By at May 23 2019 16:31:14
Both Nurses and Detectives must possess good observational and critical thinking skills to gather evidence, sort through facts and examine details to come to conclusions. Detectives solve crimes to get criminals off the streets. Nurses solve problems to prevent illness and to assist people recover from illness. So if you are a LPN or RN, feel free to start calling yourself a Nurse Detective.
Nursing Interventions for Imbalanced Nutrition (Excessive): The Nurse shall explain and have patient verbalize the relationship of diabetes and diet, and the patient shall give a return explanation is his / her own words. (this nursing intervention will help clear up and misconseptions and reinforce the medical value of a healthy diabetic diet).
Apart from the high number of patients a nurse has to oversee and care for, the nurse performs several other tasks including collection, labeling and sending of laboratory samples including urine and blood samples to and from the laboratory. In consideration of the foregoing, it is not surprising that nurses have been rated as equal, if not more important than doctors in health administration and not merely as people who serve and take directives from doctors. Little wonder also why one of the oldest and the most popular nurses in the world, Notes on Nursing, mentioned the role doctors relatively infrequently in the matter of patients care and support.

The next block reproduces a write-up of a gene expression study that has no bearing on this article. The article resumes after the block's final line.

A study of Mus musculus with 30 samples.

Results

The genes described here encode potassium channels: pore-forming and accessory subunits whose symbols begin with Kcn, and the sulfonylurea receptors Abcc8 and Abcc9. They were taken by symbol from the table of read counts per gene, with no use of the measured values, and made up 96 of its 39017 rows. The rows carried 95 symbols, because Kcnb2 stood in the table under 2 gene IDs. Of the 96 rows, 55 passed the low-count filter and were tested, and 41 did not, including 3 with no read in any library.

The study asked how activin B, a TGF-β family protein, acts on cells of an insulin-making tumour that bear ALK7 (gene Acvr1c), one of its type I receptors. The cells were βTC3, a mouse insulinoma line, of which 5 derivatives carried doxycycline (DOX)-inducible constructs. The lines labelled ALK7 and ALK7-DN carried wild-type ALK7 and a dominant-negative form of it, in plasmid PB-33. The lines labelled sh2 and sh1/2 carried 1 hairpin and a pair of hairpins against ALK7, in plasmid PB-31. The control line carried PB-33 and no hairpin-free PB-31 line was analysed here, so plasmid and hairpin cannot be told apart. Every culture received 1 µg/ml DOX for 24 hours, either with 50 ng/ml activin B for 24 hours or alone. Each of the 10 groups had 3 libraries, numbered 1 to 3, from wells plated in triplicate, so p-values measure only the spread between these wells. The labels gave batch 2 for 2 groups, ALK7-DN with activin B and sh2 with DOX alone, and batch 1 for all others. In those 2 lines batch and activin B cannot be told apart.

Although machines have made nursing somewhat easy these days, I reckon we were given all the tools, the machines we need to do a reasonably sound nursing assessment. Our eyes, ears, noses, mouths (okay maybe not so much now) and gut instinct provide us with all the information we need to prevent danger from occurring to our patient. Lets use them. Done enough times, the confidence and skill you gain from practicing with your senses are indispensable. You will feel satisfied and glad and so will your patient!
1. The eyes. There is no greater tool to a nurse than the eyes. You can tell a lot just by casting a quick glance at your patient. Straight away you can tell how critical they are just by observing their colour, the rhythm of their breathing, chest movement or lack of it, a bleeding wound, a swollen leg, urine colour and any other physical signs of distress you can think of. Once youve noticed an abnormality, you can proceed with caution.